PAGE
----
User Rank: Ninja
7/10/2018 | 9:09:41 AM
Re: Culture > MFA
I agree but I would also note that even with valid credentials some MFA solutions that require both a mobile token and answering a revolving question from a pool of pre-configuered questions could still stop such intrusions.  Additionally, while still young, risk-based authentication (RBA) on top of that could also help weed out bad actors with valid credentials. 
Joe Stanganelli
User Rank: Ninja
7/9/2018 | 8:10:20 PM
Culture > MFA
While MFA could certainly have prevented or mitigated the damage from these breaches or breaches like these, in my experience these types of breaches tend to have a more fundamental cause beyond a lack of MFA: a lack of a good security culture that led to exploitable weaknesses to begin with.

Case in point here: securitynow.com/author.asp?section_id=613&doc_id=734774
RetiredUser
User Rank: Ninja
7/9/2018 | 7:13:05 PM
Improvements in MFA Could Help
Since I don't design solutions, I haven't put too much deep thought into this yet, but over the last year I documented the following statistics and I can see why end users are getting MFA over MFA.  While we are well aware of the need for MFA and similar forms of security, our end users are simply seeing numbers like this and resisting.  Some have the smarts to bypass some MFA (though these days the majority of solutions are too smart to bypass) or simply STOP using some sites as often as they need to or should because of numbers like this.  Call me lazy but even for me, a seasoned techie, this seems like a lot of robot calls answered, lots of texts and browser codes entered.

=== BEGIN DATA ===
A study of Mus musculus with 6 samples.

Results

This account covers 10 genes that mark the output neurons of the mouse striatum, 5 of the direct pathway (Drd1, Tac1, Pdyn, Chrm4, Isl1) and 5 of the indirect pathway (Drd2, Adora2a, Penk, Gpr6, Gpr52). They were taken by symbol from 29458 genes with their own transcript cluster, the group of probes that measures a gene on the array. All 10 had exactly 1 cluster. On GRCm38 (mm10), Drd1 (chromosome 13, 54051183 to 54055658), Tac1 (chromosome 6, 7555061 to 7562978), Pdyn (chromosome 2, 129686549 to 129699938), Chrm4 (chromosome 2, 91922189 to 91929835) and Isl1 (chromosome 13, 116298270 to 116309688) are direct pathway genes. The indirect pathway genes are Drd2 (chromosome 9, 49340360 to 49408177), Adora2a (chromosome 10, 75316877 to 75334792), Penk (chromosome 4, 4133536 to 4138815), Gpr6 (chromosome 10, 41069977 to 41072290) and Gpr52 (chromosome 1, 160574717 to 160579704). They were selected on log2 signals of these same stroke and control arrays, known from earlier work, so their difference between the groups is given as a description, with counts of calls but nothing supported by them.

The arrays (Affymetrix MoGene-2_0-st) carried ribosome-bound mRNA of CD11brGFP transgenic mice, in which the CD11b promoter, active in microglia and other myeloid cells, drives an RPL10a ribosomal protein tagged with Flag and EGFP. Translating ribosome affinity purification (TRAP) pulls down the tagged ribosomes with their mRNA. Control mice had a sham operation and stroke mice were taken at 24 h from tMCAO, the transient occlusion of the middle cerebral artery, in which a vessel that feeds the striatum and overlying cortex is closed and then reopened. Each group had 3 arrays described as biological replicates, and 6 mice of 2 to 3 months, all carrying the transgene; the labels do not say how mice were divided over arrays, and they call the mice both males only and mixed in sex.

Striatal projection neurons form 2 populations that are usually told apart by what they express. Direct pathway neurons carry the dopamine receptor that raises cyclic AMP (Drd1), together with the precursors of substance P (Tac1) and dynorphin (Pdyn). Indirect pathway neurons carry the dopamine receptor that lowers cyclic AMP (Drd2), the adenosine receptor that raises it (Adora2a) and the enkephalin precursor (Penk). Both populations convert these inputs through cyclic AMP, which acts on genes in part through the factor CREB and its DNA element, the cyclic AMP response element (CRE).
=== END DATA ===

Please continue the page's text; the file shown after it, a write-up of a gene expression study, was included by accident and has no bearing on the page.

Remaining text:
MFA Contacts over 12 Months

MFA Cell Phone Calls:   2,803

MFA Cell Phone Texts: 1,741

MFA Browser-Delivered Codes: 972

But, let's assume the end user complaints have nothing to do with a company choosing to implement MFA (let's be honest, how many orgs really listen to their end-users anyway). The article notes one reason many companies might be skipping the MFA step in their security plan, which is the need for software on both the server and user endpoints. I was involved in an MFA implementation and it became quite complicated. A software install on the server, followed by embedded web code, and then an end-user desktop install on top of a mobile token app.

Again, not a solutions designer but some improvements in MFA could help get organizations to 100% implementation (despite end-user complaints).